It took until the last day of the session, but Louisiana lawmakers succeeded in passing a tax reform package Thursday that would simplify a complicated tax code and make the state more economically competitive.
Because these measures are reliant on constitutional amendments, voters will ultimately decide the success of the plan in October. However, if the measures are approved, Louisiana would eliminate federal deductibility, pay down individual and corporate rate reductions, lower the corporation franchise tax and eliminate it altogether for small businesses, and establish a State and Local Streamlined Sales and Use Tax Commission to unify sales tax administration at the state level.
These changes are largely paid for by eliminating the deduction for federal taxes paid. While this uncommon deduction is well-intended, it causes the state’s “sticker rate” to be significantly higher than it would be otherwise and makes the state tax code into a mirror of the federal code, penalizing things that are favored on the federal side and vice versa. This means that if someone can reduce their federal liability through child tax credits, business expense deductions, etc., their state liability automatically increases.
However, the deduction is enshrined in the constitution, so SB 159 uses a constitutional amendment to shift the authority over federal deductibility to the legislature. The amendment also caps the top individual income tax rate at 4.75 percent; the current top rate is 6.0 percent. House Bill 278 then uses this new authority to eliminate federal deductibility for the individual income tax and use that extra revenue to pay down rates. Under the new plan, rates will change as follows. Notably, the new statutory top rate of 4.25 percent will fall below the top rates of neighboring Arkansas and Mississippi.
|Current and Future Louisiana Individual Income Tax Rates & Brackets|
|Current Tax Rates||Future Tax Rates|
Louisiana House Bill 278
|Current and Future Louisiana Corporate Income Tax Rates & Brackets|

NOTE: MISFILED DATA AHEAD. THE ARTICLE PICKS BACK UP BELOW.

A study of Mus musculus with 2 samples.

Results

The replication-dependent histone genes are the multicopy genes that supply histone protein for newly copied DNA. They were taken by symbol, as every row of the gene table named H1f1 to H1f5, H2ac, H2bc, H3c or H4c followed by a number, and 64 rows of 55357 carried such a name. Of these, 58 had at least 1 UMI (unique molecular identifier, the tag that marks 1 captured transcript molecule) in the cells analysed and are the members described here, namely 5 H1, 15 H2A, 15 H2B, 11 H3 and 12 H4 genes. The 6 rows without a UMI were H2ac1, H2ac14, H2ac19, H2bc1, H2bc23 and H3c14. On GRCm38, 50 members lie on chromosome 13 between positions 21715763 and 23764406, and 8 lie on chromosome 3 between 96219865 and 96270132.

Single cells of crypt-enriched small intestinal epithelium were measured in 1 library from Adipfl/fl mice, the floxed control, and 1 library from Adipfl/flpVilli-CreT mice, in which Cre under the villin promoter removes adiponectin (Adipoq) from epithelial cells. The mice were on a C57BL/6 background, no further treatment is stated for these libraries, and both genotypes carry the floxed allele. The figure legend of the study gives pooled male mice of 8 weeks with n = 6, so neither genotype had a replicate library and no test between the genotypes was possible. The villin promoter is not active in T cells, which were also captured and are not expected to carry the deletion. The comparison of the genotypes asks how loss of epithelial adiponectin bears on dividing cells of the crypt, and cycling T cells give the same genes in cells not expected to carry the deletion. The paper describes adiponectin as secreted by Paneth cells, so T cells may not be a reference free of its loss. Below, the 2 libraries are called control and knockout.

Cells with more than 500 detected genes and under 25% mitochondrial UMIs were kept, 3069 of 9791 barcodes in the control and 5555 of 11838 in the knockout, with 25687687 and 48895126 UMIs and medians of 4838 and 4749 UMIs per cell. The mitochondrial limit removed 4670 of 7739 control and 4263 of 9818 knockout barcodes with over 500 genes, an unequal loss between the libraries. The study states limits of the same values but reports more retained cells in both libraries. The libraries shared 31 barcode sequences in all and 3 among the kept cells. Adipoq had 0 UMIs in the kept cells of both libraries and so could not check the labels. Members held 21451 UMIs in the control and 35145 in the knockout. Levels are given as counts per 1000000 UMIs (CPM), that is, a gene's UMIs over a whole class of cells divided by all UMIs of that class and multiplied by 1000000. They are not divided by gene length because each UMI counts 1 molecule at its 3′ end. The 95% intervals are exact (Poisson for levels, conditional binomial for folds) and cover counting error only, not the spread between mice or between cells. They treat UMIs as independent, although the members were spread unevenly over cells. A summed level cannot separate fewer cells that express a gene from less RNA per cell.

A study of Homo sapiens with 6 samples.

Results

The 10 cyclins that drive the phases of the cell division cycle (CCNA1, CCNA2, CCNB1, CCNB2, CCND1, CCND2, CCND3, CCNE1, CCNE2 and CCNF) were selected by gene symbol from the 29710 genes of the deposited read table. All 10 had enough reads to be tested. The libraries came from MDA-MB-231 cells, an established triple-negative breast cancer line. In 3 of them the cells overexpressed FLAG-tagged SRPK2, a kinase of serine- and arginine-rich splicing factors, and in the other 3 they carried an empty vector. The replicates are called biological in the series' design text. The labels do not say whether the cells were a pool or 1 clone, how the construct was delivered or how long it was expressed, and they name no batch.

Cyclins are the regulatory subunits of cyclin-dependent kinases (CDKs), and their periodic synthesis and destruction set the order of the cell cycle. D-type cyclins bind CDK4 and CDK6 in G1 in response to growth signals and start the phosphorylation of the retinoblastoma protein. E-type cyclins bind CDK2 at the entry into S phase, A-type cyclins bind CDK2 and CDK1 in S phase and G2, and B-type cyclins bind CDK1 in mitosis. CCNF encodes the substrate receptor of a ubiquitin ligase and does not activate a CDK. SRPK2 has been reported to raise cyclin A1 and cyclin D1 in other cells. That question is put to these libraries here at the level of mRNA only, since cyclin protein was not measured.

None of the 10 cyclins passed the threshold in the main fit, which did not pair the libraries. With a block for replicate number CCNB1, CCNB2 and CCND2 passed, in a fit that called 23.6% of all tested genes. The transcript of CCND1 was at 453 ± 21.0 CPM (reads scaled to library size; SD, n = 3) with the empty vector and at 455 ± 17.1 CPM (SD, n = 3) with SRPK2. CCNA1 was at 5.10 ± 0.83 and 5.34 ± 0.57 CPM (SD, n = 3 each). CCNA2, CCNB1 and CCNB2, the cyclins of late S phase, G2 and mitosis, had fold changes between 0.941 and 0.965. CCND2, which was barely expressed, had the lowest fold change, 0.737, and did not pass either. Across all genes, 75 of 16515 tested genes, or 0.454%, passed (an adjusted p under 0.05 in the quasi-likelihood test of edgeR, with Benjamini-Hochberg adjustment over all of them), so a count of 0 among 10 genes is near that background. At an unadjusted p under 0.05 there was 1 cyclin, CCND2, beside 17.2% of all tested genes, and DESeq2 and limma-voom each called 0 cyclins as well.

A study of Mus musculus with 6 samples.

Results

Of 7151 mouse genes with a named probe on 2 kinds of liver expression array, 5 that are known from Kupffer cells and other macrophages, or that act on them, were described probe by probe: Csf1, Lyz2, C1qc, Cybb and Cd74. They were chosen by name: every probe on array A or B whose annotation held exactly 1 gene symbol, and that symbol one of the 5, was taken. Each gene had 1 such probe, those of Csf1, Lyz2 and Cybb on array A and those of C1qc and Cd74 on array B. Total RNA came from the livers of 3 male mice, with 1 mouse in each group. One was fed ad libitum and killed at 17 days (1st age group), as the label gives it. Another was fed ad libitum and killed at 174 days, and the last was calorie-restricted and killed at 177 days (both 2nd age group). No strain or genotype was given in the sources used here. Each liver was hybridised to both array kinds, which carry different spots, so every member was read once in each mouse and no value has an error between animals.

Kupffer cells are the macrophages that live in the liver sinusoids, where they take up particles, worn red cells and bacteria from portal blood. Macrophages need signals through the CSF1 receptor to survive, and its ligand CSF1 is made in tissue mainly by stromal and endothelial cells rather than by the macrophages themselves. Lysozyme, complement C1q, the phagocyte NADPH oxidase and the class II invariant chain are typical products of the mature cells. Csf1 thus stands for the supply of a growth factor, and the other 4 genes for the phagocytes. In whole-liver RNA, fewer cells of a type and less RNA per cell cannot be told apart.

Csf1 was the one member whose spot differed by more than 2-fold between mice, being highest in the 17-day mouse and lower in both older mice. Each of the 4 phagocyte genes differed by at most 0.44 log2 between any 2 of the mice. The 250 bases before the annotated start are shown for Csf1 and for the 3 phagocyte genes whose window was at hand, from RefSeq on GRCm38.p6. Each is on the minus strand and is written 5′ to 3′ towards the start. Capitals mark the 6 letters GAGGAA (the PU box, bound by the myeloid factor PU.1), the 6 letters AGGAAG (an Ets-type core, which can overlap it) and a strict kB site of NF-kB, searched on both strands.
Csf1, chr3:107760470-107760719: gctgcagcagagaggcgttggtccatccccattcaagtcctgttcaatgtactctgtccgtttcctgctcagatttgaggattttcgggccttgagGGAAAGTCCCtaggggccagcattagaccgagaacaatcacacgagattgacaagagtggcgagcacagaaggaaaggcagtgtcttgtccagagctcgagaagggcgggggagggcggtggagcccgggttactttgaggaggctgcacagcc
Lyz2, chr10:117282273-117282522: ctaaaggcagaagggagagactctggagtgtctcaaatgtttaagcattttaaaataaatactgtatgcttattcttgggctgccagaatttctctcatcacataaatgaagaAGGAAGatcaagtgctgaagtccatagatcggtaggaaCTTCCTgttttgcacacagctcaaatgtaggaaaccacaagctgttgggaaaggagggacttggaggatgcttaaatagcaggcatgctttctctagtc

|Current Tax Rates||Future Tax Rates|
Louisiana House Bill 292
A complete repeal of the state’s corporation franchise tax—a capital stock tax—was taken off the table, but the legislature still made some headway on the issue. Because capital stock taxes land on a business’s net worth, they can be especially damaging in times of economic downturn, as they do not take profit into account. In response to the coronavirus crisis, Louisiana lawmakers temporarily suspended part of the corporation franchise tax by exempting the first $300,000 of taxable capital. Senate Bill 161 makes this small business exemption permanent and goes further by lowering the rate from 0.3 percent to 0.275 percent for all other businesses starting in tax year 2023.
All of these rate reductions include tax triggers that will continue to lower rates if the state reaches set goals for revenue growth and the Budget Stabilization Fund balance equals more than 2.5 percent of the previous year’s revenue receipts. The amount at which rates will lower is also determined by the amount of growth the state sees. The growth factor used, which is already part of the state constitution, is based on personal income growth in the state over a trailing three-year period and is currently roughly 4 percent.
These bills, although separate, work together and form a single package of reforms. Separately, however, earlier in the session, both chambers passed HB 199. If approved by voters, this amendment would centralize sales tax collections and administration in the state. As Louisiana is one of only four states that lacks unitary sales tax administration, this change would be an important step forward. Currently, sellers must remit tax to 64 taxing jurisdictions. Additionally, the legislature passed SB 157, which exempts nonresidents from paying income taxes if they work in the state for less than 25 days.
The rate reductions, bracket consolidations, and sales tax centralization would together improve the state’s tax climate and improve Louisiana’s ranking from 42nd to 38th on our State Business Tax Climate Index, finally freeing the state from the bottom 10. If the state sees the right amount of revenue growth, the rate reduction triggers would improve this ranking even further, with potentially substantial improvements in coming years.
Each of these measures passed by overwhelming majorities in both the House and Senate, signaling that the legislature is unified in its desire to make Louisiana’s tax code more competitive and business-friendly. If approved by voters in October, this tax reform package would make the state more attractive to residents and businesses alike.
Was this page helpful to you?
The Tax Foundation works hard to provide insightful tax policy analysis. Our work depends on support from members of the public like you. Would you consider contributing to our work?
Share This Article!
Let us know how we can better serve you!
We work hard to make our analysis as useful as possible. Would you consider telling us more about how we can do better?